Rarely does a "sure thing" present itself in the NBA draft on a year-to-year basis.
Most decision-makers are looking for prospects who have had successful college stints as well as tremendous untapped potential, but those players are not always available.
Instead, teams have to make the decision as to who to target when the ideal target is no longer available on draft day.
Despite the depth that the 2012 draft class has, there are a handful of players who have the potential to be monstrous busts at the next level.
Jeremy Lamb, SG, UConn
Lamb is projected to go in the first round, but his draft stock is as volatile as any other prospect who is thought to be a contender to be taken in the first 30 picks.
He really needs to add some strength to his frame in order to contend with bigger shooting guards, and it's not a guarantee he'll be able to do that.
Some team is likely to reach for him with the hope that he turns out to be a stud, but he's going to have to do a lot of work for that to even be a discussion.
Meyers Leonard, C, Illinois
Leonard took on a substantial role in his second season with the Fighting Illini and responded well, but that doesn't mean he's going to have success in the league.
Hasheem Thabeet averaged a double-double in college with over four blocks per game before he turned pro, so the numbers in college can often be deceiving when talking about future success of a particular player.
Leonard has legitimate height, but he's going to be thrown around in the paint and could really struggle against superior defenses at the next level.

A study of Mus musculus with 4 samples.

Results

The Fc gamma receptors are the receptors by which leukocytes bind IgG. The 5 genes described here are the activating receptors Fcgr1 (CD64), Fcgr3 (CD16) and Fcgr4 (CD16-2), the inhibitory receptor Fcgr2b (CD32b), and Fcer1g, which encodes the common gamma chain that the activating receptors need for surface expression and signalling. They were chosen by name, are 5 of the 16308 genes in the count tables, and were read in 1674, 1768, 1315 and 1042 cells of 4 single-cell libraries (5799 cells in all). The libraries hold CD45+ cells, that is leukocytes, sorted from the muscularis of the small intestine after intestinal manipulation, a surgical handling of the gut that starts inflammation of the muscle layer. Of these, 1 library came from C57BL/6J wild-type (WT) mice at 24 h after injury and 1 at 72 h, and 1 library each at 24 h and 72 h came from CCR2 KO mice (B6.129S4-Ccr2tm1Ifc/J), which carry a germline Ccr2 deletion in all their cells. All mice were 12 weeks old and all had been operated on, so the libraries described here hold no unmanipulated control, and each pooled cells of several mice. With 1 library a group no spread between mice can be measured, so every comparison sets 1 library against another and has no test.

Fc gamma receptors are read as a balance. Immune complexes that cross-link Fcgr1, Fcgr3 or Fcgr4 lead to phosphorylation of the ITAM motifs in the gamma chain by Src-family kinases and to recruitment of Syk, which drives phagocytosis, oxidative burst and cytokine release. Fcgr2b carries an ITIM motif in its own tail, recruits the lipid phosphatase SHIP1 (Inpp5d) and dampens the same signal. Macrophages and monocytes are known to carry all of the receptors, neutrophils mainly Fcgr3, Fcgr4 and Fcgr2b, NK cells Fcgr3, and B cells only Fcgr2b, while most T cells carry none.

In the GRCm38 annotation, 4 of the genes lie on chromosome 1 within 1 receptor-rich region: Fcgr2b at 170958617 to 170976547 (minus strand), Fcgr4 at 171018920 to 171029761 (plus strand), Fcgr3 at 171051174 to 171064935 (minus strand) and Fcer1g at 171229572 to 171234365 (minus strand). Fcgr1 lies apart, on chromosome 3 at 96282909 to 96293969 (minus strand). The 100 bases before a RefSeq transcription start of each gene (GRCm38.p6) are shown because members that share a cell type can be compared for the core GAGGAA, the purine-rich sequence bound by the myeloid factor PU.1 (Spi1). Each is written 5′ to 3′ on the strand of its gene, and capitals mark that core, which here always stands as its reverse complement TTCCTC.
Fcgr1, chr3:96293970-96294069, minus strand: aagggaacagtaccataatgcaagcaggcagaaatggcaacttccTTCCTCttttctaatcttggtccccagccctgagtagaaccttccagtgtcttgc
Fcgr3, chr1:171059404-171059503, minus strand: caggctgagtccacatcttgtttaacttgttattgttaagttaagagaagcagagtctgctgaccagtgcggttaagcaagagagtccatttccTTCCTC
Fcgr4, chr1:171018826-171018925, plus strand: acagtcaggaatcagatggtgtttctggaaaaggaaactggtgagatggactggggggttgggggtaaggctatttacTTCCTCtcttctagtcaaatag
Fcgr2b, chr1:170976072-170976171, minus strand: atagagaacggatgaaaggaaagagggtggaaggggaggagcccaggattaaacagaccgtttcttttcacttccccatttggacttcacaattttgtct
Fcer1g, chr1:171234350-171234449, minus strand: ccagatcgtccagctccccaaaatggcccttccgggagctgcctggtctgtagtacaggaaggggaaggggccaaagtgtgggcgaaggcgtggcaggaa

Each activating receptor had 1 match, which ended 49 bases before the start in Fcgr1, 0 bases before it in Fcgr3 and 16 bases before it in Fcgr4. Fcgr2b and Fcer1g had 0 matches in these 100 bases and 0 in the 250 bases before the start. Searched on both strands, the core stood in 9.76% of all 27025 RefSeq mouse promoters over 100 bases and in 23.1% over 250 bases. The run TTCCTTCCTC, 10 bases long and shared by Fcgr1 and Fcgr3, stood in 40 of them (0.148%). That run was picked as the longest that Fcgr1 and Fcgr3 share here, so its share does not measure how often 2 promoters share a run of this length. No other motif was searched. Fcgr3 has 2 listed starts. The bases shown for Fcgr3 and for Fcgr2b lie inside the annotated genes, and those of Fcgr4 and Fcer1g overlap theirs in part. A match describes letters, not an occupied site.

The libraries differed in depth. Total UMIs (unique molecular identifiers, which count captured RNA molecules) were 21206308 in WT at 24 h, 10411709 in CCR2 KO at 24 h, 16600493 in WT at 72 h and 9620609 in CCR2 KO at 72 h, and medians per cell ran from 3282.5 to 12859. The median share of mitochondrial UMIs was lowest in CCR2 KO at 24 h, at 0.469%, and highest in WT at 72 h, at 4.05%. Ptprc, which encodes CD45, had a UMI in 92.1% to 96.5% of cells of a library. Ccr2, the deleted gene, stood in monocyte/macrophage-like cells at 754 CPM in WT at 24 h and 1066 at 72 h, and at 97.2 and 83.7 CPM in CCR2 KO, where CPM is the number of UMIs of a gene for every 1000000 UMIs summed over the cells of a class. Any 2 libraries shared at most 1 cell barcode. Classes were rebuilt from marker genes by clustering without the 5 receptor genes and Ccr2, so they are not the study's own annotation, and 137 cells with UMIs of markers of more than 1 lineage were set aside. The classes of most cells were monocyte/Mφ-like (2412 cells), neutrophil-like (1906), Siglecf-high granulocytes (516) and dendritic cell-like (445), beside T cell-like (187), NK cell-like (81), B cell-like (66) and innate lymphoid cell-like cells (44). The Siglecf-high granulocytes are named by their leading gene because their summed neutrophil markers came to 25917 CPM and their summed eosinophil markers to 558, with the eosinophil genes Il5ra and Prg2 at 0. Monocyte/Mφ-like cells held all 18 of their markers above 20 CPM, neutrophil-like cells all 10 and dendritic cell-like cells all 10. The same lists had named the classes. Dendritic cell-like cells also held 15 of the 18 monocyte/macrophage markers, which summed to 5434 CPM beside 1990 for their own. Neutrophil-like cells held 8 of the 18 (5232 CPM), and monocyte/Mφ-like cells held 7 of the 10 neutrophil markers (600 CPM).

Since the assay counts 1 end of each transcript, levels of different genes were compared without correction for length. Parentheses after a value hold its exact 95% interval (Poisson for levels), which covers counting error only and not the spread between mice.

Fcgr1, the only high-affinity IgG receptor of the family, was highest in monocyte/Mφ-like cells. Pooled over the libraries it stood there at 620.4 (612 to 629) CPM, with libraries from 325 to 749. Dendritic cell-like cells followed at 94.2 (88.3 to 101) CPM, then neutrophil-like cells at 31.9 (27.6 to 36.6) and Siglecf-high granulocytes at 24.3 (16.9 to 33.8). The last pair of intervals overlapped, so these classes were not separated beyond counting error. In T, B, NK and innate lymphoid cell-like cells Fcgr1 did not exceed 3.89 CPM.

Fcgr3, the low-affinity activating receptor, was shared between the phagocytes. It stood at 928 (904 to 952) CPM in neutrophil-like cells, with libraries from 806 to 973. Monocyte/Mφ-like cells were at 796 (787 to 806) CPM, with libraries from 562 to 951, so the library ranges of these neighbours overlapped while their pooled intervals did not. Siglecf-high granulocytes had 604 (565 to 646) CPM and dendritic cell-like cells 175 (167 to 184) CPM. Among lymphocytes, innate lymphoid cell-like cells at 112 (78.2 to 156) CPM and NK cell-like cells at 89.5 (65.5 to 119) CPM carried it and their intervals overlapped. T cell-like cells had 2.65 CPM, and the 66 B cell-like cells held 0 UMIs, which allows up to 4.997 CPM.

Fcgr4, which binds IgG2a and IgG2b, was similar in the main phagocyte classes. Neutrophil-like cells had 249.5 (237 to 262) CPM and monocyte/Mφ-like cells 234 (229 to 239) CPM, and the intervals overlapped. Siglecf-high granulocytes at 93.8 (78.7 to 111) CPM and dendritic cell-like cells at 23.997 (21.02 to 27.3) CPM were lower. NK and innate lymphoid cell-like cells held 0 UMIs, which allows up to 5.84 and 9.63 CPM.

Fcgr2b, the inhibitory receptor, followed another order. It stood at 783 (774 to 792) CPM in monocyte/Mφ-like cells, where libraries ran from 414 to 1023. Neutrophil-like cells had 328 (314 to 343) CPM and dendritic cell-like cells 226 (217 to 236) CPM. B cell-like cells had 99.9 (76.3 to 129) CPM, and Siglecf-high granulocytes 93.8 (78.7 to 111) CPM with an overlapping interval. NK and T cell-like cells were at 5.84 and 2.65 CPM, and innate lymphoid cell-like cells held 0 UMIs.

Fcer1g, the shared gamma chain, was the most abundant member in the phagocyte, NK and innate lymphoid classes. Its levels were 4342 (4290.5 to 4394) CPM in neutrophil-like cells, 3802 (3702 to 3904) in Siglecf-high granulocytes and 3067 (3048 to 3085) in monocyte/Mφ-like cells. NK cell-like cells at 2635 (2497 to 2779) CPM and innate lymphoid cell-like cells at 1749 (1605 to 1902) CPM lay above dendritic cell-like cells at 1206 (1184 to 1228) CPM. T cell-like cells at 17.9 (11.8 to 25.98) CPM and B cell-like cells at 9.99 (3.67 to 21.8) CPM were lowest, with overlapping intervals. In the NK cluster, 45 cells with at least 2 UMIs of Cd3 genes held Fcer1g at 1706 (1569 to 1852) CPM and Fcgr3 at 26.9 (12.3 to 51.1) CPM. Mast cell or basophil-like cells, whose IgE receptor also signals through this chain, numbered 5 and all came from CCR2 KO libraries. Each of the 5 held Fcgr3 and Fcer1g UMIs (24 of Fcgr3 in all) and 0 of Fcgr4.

Tyler Zeller, F/C, UNC
Zeller is another guy who has impressive size, but he didn't dominate defensively the way he should have in college.
He never cracked two blocks per game during his time in school, so it's going to be difficult for him to keep up with more talented opposition in the NBA.
He also never averaged double-digit rebounds while at North Carolina, so how is he going to come in and start doing it in the league?
Jared Sullinger, PF, Ohio State
Sullinger is a solid candidate to be drafted in the lottery as a top-14 selection, but should he really go that high?
He's lazy on defense and isn't the most athletic prospect, and his conditioning could be a major question mark over the course of a full 82-game season.
He doesn't have a ton of upside, and there remains a chance he doesn't develop into anything more than a role player on a good team.
Terrence Jones, F Kentucky
Jones definitely showed off a versatile game while he was in school, but his numbers slightly slipped during his second season at Kentucky.
He's not a good foul shooter, nor is he a threat from behind the arc, so Jones might have a difficult time finding his offense in the NBA.
Jones will have to carve out a niche role to see consistent playing time in the NBA, but there are questions as to whether or not he can do it on a consistent basis.